Scientists at the UCL Institute of Ophthalmology have identified the mechanism behind a common inherited cause of severe sight loss in young children. The results also point to a potential new treatment that may be possible to deliver by simple injection to the eye. The research was funded by charities Fight for Sight, Moorfields Eye Charity and Guide Dogs, with support from the National Institute for Health Research (NIHR) Biomedical Research Centre (BRC) at Moorfields Eye Hospital.
Leber congenital amaurosis (LCA) is the name for a group of disorders that make up 5% of all inherited retinal dystrophies. These are conditions in which light-sensitive ‘photoreceptor’ cells in the layer of tissue at the back of the eye (the retina) degenerate and die, causing sight loss or blindness.
Up to 1 in 4 people with LCA have faults in the gene CEP290. Several syndromes, e.g. Senior-Loken syndrome, are linked to different faults in the same gene and can affect multiple parts of the body. But almost everyone with CEP290-LCA has a specific fault that only affects photoreceptors and, until now, we didn’t know why.
All of these disorders involve damage to sensors called cilia that stick out from the surface of most cells in the body like an antenna. They monitor the environment around them and can trigger a process of cell communication.
Cilia are vital for the body to work normally and research has shown that CEP290 protein is important for building them. But in CEP290-LCA the genetic fault leads to an unwanted instruction that tells the photoreceptor’s protein-making machinery to stop assembling CEP290 before it’s finished.
Photoreceptors have highly-specialised cilia made up of tightly-stacked discs (together called the ‘outer segment’). The discs are studded with molecules of protein called opsins that are pigments, meaning they absorb light.
When light hits an opsin it responds by changing shape. This sets off a chain of events in the photoreceptor that converts light into an electrical signal that can then be passed from eye to brain. Without an outer segment, photoreceptors are blind to light.
Previous reports have shown that skin cells (fibroblasts) from people with CEP290-LCA contain less than half the amount of full-length protein compared to healthy controls. But scientists have been unable to measure this in photoreceptors because it has not been possible to generate a CEP290-LCA animal model.
In this study, the research team, led by Professor Mike Cheetham at UCL Institute of Ophthalmology, was able to investigate the CEP290 fault in LCA retinal cells for the first time. They used induced pluripotent stem cells (iPSCs) generated from the skin cells of a patient with CEP290-LCA to grow 3D optic cups. The optic cup is a sheet of tissue that grows during eye development and goes on to become the layers of different cell types that make up the mature retina.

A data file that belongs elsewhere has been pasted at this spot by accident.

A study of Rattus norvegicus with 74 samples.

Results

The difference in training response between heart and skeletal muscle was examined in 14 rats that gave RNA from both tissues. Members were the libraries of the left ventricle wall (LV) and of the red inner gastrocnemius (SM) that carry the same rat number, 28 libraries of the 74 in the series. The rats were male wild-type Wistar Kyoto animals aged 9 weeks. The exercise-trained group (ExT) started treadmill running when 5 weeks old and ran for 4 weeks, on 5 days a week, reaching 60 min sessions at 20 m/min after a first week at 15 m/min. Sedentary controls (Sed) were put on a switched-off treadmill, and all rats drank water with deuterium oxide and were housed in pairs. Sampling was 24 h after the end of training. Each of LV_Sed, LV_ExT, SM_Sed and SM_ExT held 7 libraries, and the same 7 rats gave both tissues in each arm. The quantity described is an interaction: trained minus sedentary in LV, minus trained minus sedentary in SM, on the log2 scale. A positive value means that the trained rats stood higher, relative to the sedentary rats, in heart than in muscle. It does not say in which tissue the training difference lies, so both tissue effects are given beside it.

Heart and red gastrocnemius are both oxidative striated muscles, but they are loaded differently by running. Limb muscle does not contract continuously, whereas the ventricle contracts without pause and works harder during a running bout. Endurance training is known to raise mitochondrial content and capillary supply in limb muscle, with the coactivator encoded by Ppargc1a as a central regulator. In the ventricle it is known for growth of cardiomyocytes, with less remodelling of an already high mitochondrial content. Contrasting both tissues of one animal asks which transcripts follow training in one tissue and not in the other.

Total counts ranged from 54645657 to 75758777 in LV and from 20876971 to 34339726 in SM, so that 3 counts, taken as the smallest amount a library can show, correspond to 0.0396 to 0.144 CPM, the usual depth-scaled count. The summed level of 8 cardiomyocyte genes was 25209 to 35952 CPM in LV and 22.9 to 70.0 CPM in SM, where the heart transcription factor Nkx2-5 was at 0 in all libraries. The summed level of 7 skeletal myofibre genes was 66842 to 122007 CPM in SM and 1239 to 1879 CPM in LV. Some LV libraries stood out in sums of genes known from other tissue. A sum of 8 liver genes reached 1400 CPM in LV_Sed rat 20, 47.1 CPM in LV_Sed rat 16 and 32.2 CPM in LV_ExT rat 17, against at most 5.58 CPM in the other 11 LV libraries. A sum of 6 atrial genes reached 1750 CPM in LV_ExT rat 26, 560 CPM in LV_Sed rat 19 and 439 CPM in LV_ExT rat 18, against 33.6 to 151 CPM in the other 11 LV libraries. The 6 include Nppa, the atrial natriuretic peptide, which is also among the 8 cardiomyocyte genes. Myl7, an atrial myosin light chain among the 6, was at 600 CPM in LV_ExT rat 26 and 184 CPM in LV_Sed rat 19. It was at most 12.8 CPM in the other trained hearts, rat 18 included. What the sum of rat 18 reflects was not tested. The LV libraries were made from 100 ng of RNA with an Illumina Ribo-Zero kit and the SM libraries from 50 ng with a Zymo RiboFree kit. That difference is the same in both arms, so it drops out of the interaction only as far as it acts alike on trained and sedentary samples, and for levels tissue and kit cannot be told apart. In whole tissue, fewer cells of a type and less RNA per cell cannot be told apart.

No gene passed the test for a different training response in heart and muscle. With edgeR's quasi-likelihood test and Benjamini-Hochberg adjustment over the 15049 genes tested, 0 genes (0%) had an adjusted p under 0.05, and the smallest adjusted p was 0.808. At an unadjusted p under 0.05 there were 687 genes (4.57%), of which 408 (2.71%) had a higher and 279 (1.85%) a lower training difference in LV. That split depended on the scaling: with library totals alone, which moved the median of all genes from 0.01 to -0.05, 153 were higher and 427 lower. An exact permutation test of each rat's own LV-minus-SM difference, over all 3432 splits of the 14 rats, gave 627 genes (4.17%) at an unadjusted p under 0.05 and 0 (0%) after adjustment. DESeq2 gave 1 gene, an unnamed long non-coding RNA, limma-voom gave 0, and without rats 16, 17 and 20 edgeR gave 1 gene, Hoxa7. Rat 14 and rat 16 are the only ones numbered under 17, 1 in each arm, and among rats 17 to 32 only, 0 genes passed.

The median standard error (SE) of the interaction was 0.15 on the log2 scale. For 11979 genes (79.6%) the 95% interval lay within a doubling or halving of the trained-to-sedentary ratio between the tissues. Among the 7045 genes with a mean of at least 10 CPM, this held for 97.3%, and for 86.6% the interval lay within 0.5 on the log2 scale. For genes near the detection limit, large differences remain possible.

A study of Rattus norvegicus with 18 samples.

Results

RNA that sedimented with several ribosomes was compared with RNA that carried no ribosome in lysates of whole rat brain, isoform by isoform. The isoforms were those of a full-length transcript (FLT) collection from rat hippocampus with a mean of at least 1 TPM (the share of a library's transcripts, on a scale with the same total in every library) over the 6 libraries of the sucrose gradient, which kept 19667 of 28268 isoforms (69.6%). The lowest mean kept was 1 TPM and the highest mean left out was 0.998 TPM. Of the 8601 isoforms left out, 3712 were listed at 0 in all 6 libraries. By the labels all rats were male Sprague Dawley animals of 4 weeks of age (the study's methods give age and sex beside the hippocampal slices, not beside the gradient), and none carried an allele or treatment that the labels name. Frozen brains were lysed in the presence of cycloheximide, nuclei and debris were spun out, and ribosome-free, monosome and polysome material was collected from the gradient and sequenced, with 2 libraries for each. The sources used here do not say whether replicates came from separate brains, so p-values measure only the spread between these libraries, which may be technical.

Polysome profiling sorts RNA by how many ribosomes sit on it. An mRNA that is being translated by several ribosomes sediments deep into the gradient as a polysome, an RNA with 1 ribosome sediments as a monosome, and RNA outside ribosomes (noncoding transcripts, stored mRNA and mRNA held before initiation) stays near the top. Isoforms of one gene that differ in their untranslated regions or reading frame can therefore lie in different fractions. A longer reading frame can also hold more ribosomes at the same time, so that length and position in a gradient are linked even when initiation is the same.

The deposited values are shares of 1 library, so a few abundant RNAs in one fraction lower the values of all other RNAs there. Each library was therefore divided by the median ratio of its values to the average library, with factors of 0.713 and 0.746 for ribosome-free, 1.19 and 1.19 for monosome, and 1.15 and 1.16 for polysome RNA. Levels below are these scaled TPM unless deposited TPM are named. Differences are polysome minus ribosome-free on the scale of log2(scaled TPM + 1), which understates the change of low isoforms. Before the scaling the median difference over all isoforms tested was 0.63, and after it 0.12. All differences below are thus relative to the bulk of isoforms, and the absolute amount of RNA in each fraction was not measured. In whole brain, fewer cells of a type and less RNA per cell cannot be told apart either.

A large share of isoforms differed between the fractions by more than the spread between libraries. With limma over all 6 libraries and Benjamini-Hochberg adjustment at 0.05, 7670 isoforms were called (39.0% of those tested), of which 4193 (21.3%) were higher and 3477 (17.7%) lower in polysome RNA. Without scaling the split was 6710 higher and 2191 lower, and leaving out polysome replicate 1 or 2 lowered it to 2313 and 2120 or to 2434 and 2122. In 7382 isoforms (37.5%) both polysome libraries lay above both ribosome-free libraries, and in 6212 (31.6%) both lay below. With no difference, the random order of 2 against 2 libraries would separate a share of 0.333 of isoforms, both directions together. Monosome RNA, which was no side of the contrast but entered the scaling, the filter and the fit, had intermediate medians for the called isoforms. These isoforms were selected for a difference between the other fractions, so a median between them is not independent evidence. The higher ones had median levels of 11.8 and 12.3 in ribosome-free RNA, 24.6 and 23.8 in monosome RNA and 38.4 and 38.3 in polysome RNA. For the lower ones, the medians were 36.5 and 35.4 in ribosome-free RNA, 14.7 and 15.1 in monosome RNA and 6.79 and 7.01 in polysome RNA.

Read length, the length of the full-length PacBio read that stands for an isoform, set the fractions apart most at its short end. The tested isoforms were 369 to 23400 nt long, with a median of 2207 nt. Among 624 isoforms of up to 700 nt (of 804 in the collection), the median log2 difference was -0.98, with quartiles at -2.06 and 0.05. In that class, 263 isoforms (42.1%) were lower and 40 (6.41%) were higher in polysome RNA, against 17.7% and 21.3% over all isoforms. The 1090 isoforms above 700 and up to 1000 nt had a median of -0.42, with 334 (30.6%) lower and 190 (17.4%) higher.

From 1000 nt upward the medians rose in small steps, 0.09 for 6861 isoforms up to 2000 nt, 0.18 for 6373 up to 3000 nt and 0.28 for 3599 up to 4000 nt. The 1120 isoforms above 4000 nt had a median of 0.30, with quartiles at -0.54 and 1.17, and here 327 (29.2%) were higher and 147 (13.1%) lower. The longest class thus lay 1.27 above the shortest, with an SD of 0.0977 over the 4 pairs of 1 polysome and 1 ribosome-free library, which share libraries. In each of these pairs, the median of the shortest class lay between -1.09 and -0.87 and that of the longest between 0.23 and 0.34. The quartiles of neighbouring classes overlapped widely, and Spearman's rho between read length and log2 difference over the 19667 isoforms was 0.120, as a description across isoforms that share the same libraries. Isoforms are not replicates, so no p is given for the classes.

The team also tested a promising new way to treat CEP290-LCA using small engineered molecules known as ‘antisense morpholinos’. They have previously been shown in CEP290-LCA fibroblasts to prevent the premature stop instruction from being given, by changing which sections of the instructions are edited together (splicing). Here, the researchers designed an antisense morpholino, CEP290-MO, to target the LCA genetic fault.
Dr Amelia Lane is a research associate at UCL Institute of Ophthalmology and a first author on the study, which is published in the journal Cell Stem Cell. She says: “We have been able to show that this CEP290-specific treatment restores normal splicing, increases protein and restores cilia numbers, structure and function in photoreceptors which we were able to make from CEP290-LCA patient cells. This is really encouraging because it’s the functional interaction between photoreceptor proteins that will be critical to whether the treatment can restore vision. CEP290 is not suitable for most current approaches to gene therapy but a recent study in normal mice showed that eye injection with the same class of molecule as CEP290-MO altered photoreceptor splicing and was relatively safe, so this could become a practical therapeutic option.”
Mike Cheetham is Professor of Molecular and Cell Biology at UCL Institute of Ophthalmology. He says: “Our findings using stem cells grown into organoids in the lab provide direct evidence of tissue-specific differences how genes are used by cells that are likely to contribute to the relationship between genetic inheritance and the manifestation of symptoms that affect patients. It has been suggested that photoreceptors are more vulnerable to the CEP290-LCA fault than other cell types, but our results suggest instead that photoreceptors produce significantly less CEP290 than other cells. We think this may also apply to other genes but, importantly, we now have the means to correct this, and this understanding was only possible with stem cells derived from patients.”
Dr Dolores M Conroy is Director of Research at Fight for Sight. She says: “Developing a treatment that could restore vision or slow slight loss is the top priority for research on inherited eye disorders as identified by patients, relatives, carers and health professionals in the Sight Loss and Vision Priority Setting Partnership and so these results are highly relevant as well as promising. However, we now need to translate these findings, using antisense therapy, into patients. In addition, this approach could be used to treat other inherited retinal disorders.”